During my schooldays, my most favorite assignment was to write a report. The subject matter was of no consequence, and the longer the page requirement the better. But the best part about report writing was the research.
In those days, research meant going to the library - the internet wasn't even a glimmer in Al Gore's eye (unless he was a very precocious teenager and I sincerely doubt that.) Yes, although I loved the writing part of the assignment, the going-to-the-library, looking-stuff-up in books and magazines was the penultimate treat.
Nowadays I read a lot of historical fiction, and I've become a fan of biographical fiction - fictional treatments of historical figures. The best of these books bring real people to life in a fascinating way, and as I read them, I marvel at the way the authors take what must be months of research and bring it to life through imagined situations and dialogue.
That is some research, I think, after finishing books like Hemingway's Girl, The Aviator's Wife, and A Good Hard Look. It's clear that the authors must relish research as much as I once did, but the enormous amount required to complete a novel project of that nature is daunting to say the least.
I started wondering how they went about it. So I did some research.
Ericka Robuck (Hemingway's Girl) was inspired to write her novel by a visit to Hemingway's home in Key West, Florida. "I spend about 4 months researching my subject without writing a word," Robuck wrote, "and then ideally I start writing without allowing myself to get side-tracked. I visited the house and Key West several times for setting research, and read numerous biographies and all of Hemingway’s work, and spent time at the JFK Museum in Boston at the Hemingway Archive. Ninety percent of his photographs, journals, letters, and manuscripts are there, and provide an excellent resource for getting to know and understand Hemingway." (Robuck's new bio-fic novel, Call Me Zelda, about Zelda Fitzgerald, releases in May.)
Melanie Benjamin (The Aviator's Wife) confesses that she does her research in a very "unscientific" way. "I look at a life, I read enough about it to give me a good solid foundation. Then I pick and choose the details that will make a compelling novel - knowing that I will be leaving out, or not fully exploring, many of the stories that make up a remarkable life. I allow myself to ask the what ifs. I look at a life, even one that's as documented as Anne's (Morrow Lindbergh) and I see the hidden corners, the locked closets; I wonder what she didn't tell us. I never take anything on face value; I'm always seeing things that others don't, even in the most mundane, every day objects. I have learned that too much research can stifle my creativity, so it's always a balance for me; I need to learn the basic facts, get a sense of the time and place, but if I lose myself too much in the research I find I can't imagine the things I need to, in order to write a compelling novel with fascinating characters. My imagination is my greatest strength as a novelist - not my ability to research! For me, I don't spend too much time worrying about physical details; it's the emotional journey that fascinates me."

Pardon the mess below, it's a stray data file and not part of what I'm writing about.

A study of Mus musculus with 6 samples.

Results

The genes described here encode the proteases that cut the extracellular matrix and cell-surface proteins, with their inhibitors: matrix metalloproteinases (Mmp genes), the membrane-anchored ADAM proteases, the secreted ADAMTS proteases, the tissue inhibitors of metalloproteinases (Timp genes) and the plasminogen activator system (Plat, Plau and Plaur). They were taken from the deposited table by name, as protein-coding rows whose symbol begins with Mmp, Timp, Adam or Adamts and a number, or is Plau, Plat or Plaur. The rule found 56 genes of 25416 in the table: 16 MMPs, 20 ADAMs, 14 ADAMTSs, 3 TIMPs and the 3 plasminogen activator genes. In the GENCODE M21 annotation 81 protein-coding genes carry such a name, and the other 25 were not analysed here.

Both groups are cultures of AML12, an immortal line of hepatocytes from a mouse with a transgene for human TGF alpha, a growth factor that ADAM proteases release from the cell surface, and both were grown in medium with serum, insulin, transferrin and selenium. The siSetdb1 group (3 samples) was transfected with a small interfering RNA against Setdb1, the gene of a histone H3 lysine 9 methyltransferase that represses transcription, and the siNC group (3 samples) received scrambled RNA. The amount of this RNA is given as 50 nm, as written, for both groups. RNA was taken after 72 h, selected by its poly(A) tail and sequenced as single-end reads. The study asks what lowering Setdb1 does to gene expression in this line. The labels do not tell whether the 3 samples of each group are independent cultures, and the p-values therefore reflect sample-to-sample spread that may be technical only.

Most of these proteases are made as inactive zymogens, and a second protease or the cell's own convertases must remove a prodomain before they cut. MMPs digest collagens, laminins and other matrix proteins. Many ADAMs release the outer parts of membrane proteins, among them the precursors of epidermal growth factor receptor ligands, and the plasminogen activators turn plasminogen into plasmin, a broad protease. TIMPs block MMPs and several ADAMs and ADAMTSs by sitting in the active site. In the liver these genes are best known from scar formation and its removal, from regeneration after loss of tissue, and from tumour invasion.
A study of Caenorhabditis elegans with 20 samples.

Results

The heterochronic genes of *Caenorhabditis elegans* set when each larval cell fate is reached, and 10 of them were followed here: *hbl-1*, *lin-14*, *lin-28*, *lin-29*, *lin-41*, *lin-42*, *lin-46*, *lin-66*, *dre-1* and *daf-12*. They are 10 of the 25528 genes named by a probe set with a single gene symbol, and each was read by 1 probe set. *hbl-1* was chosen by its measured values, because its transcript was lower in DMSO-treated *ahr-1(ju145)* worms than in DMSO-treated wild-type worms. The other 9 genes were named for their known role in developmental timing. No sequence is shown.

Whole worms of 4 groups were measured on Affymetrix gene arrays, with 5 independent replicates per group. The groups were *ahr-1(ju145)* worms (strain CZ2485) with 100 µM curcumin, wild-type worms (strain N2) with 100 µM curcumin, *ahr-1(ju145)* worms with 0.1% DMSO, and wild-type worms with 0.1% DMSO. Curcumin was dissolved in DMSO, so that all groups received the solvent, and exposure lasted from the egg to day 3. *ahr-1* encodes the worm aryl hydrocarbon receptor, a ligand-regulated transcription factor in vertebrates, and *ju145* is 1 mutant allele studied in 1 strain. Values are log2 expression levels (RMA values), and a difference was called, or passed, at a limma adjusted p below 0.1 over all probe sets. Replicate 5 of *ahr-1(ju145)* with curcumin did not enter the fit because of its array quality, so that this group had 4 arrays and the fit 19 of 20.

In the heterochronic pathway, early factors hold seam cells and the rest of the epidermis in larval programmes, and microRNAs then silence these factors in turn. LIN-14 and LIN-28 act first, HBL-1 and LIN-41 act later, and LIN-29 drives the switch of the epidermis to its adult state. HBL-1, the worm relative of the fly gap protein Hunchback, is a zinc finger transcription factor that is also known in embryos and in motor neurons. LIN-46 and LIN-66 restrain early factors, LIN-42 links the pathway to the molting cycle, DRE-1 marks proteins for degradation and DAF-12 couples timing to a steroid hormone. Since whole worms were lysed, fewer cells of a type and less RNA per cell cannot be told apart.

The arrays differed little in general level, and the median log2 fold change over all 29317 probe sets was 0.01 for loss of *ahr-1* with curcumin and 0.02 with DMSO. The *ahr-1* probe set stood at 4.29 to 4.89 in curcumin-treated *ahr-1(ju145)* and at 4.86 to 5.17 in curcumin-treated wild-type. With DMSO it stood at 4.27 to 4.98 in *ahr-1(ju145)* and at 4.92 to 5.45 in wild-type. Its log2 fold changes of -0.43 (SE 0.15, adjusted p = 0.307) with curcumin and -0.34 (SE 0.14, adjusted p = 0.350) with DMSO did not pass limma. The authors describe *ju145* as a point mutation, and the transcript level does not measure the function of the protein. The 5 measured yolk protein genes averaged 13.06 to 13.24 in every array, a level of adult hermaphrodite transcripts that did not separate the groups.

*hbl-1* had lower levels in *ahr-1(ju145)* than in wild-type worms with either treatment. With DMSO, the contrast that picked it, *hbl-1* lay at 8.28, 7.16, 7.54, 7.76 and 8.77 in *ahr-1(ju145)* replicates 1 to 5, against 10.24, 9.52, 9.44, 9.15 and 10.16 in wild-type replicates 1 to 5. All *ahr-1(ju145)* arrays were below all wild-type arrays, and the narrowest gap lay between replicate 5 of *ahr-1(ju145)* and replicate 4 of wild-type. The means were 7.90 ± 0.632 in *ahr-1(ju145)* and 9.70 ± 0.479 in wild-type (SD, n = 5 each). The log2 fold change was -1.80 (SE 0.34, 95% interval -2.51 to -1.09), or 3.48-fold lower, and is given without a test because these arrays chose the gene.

Ann Napolitano's novel, A Good Hard Look, features writer Flannery O'Connor as a main character among a cast of other strong characters. Napolitano admits she was "fearful that I would portray her (O'Connor) inaccurately. To conquer that fear, I read everything I could get my hands on. I re-read Flannery's stories, her essays and two novels; I read the one existing biography on her, and several critical essays about her work; I flew to Atlanta, rented a car and drove to Milledgeville. I visited Andalusia, her farm (which is now a museum) and walked all over town. I was only there for about thirty hours, but that visit was crucial. Milledgeville had to be real to me, so I could make it real for the reader. Sitting on Flannery's front porch, and smelling the air there - I don't think I could have re-created her world without spending that time in her space."
I don't know whether I have what it takes to complete the kind of research necessary to write an entire book of historical fiction, but it was fun reading about how the professionals do it.
How about you? Do you enjoy research? Do you employ much research in your writing?